Cost Of Doing Business | 4 mins read

So, what is the Cost of Doing Business?

so what is the cost of doing business
Lauren Christiansen

By Lauren Christiansen

Running a successful small business is an expensive endeavor. Between operating costs, labor, utilities, and equipment purchases, there are several expenses to account for. Calculating exactly how much is spent to keep a business running allows owners to plan while consistently increasing revenue.

Here's a look into various business costs that play a role in determining a brand's profitability.

What Does the Cost of Doing Business Mean?

The cost of doing business (CODB) refers to all the expenses incurred while producing or selling goods and services. Expenses are either-

Direct Costs
Direct costs are directly related to a cost object, which can be identified as a product, department, or project. Examples of direct costs include raw materials, labor, or software.

Indirect Cost
Indirect costs are items that contribute to running and maintaining a company but are not related to the creation of a product or service. Examples include building security, utilities, office equipment, or rent.

Managers, owners, and other stakeholders have to carefully consider direct and indirect expenses because they affect the company's profitability. If the profit margin isn't large enough to compensate for the cost of doing business, then this affects the company's ability to survive.

Cost of Doing Business- Important Terms


Non-Reimbursable Expenses
Non-reimbursable expenses refer to anything that the company has to pay for itself to maintain operating. These expenses are non-deductible, which means that the company cannot subtract them from its taxable income on an income statement. Non-reimbursable expenses include rent, computers, insurance, office supplies, utilities, or equipment, startup costs, registration, and licensing costs, office rent, labor, advertising.

Desired Salary
An ideal income will become attainable to owners in time, but until the business becomes profitable, they must sacrifice a desired salary for the company's operational costs. In order to determine individual earnings, monitor net profit monthly, and keep in mind that the goal is to set the business up for long-term success.

Billable Days
This includes all of the days in one year a business is open to sell its product or service.[MJ1] [MOU2] Calculating the billable days allows businesses to assess exactly how much it costs to remain in operation. Businesses can pinpoint which expenses are essential and where to cut costs. It also helps to create a detailed and accurate budget that outlines the current state of expenses and revenue.

Calculating Operating Costs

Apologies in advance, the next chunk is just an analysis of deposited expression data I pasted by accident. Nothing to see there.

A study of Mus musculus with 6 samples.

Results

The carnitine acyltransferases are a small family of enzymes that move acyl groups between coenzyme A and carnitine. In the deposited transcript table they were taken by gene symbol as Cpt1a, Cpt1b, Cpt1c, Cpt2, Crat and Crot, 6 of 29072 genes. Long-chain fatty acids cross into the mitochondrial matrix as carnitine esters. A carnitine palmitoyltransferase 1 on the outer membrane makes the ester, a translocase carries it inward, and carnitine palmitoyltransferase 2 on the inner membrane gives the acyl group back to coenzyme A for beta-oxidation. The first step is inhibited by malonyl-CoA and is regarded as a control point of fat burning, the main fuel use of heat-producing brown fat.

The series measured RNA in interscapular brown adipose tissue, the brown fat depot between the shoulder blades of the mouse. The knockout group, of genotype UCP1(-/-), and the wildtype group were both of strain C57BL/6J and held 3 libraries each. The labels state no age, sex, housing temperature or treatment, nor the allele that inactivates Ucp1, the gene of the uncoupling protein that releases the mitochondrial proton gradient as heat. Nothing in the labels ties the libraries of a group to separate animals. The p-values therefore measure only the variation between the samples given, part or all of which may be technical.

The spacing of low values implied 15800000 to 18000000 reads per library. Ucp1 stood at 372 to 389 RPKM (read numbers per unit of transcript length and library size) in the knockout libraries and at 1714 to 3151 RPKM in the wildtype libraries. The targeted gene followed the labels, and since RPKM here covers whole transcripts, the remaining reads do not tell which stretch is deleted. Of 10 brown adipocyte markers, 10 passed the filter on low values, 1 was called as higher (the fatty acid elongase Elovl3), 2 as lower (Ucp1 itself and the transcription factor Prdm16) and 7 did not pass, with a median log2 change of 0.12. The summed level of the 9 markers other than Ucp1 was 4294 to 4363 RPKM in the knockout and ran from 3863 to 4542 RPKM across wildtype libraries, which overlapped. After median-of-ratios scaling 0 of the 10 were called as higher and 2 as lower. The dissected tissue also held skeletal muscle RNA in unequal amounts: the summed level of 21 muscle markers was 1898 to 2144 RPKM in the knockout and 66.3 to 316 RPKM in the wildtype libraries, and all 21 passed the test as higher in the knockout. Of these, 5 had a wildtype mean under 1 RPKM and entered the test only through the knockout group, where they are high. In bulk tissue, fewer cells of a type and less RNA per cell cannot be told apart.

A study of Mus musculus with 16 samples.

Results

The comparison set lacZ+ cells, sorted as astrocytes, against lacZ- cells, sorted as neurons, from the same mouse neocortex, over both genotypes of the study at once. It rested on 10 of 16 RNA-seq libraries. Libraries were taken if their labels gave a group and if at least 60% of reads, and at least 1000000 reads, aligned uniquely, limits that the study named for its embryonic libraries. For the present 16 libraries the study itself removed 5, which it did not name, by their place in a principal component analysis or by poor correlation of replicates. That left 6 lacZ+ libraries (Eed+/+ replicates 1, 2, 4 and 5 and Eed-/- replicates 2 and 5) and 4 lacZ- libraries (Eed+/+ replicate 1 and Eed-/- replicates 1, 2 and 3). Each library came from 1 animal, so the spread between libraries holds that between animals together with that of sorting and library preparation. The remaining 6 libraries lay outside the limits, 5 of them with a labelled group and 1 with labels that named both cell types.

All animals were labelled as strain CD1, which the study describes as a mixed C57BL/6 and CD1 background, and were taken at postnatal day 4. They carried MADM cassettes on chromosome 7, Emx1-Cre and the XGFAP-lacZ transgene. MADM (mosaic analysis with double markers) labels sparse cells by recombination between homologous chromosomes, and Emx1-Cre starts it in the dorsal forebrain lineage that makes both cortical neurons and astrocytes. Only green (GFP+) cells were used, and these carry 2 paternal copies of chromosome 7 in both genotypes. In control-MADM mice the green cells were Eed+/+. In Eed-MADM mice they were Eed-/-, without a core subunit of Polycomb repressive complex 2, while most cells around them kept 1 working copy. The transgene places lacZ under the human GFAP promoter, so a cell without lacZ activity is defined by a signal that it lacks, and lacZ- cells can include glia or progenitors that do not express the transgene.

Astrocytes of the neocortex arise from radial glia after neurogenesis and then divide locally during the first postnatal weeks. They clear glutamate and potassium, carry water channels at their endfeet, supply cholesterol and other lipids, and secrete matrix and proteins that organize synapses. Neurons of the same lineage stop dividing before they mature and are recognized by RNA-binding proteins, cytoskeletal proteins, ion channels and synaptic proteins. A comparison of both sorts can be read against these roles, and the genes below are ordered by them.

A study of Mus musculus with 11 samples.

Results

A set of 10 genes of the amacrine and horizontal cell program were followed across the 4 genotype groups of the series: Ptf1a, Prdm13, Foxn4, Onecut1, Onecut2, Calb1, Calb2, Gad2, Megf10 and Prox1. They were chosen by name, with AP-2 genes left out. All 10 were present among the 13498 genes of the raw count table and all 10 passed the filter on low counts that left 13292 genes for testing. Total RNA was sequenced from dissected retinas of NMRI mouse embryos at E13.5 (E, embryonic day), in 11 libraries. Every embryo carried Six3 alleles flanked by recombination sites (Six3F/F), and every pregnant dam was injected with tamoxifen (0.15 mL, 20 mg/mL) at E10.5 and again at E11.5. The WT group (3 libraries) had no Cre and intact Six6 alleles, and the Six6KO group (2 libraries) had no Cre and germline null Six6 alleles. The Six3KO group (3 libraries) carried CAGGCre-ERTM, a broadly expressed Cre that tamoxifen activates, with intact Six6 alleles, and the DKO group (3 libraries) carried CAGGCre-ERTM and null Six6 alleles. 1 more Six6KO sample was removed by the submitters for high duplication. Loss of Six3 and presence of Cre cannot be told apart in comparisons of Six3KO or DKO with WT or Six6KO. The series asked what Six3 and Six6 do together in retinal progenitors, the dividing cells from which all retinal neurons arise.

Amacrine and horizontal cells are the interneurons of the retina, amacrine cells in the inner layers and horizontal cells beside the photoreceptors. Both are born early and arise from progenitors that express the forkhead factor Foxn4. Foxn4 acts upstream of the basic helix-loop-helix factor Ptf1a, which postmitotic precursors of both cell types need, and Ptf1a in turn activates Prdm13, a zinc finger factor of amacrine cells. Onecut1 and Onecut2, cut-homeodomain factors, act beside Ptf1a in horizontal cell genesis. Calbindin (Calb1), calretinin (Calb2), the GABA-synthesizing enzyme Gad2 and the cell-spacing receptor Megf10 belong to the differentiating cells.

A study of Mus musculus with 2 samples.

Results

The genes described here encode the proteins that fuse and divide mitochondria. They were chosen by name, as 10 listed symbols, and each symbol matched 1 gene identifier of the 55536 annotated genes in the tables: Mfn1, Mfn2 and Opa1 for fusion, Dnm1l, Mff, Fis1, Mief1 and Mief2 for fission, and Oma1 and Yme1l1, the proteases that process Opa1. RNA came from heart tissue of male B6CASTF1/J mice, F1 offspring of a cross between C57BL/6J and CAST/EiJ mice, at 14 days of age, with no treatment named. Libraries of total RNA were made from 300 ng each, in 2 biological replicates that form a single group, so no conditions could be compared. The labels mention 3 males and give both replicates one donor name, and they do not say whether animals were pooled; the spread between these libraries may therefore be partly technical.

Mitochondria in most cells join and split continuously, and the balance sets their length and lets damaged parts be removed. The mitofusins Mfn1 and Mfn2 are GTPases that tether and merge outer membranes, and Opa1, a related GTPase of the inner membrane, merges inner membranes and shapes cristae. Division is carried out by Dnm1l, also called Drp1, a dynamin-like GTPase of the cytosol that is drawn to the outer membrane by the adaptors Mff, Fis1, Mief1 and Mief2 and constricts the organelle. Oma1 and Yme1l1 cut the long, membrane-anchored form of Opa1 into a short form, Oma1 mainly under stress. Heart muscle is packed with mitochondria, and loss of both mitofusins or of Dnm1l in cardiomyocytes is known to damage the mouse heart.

Owners can calculate operating costs by using the following equation-
The Cost of Doing Business = Non-Reimbursable Expenses + Desired Salary / Number of Billable Days

For example, a small retail shop owner calculates the CODB-
Non-Reimbursable Expenses- $8,000
Desired Salary- $40,000
Number of Billable Days- $262

Cost of Doing Business- $40,000 + $8,000 / 262 = $183.20 Per Day

Business Expenses


It's important to know what qualifies as a business expense, as deducting the wrong expenses on an income statement may lead to a fine. Personal expenses cannot be listed as a business expense. Read the IRS Rules for Deductibles for clarification on what constitutes a business expense.

Some examples of short-term business expenses include-

  • Payments to suppliers
  • Factory leases
  • Depreciation of equipment
  • Employee wages
Examples of capital expenses, or long-term business expenses, include-
  • Business startup costs
  • Real estate
  • Company vehicles
  • Patents
  • Equipment
  • Office improvement costs

Product Expenses

Product expenses are a bi-product of business expenses. They refer to the indirect or direct costs of manufacturing a product and making it available for sale. Costs include labor, materials, and any additional overhead expenses. Product expenses can be broken down further into two groups-

  • Conversion Costs The cost of converting raw materials into a final product
  • Prime Costs The cost of the materials themselves plus the cost of labor

Period Expenses


Examples of period costs include-

  • Legal or professional fees
  • Office Supplies
  • Utilities
  • Marketing Expenses
  • Maintenance and Repairs
  • Travel, Entertainment
  • Salaries and Employee benefits
  • Insurance
  • Loan interest and liabilities
  • Vehicle Expenses

Best Practices for Calculating the Cost of Doing Business

1. Estimate Expenses Correctly
Expenses can rise as a business grows. Don't forget to re-calculate costs regularly and include any additional variable costs.

2. Understand Costs
Remember to include all costs, including one-time and ongoing expenses. If a large expense is made one month, then the money going out will be greater than the money going in. On the other hand, ongoing costs do not fluctuate as much from month-to-month.

3. Organize & Use Proper Tools
There are many available online CODB tools and spreadsheets to help organize and calculate business expenses. Use any tools possible to make it easier to perform calculations.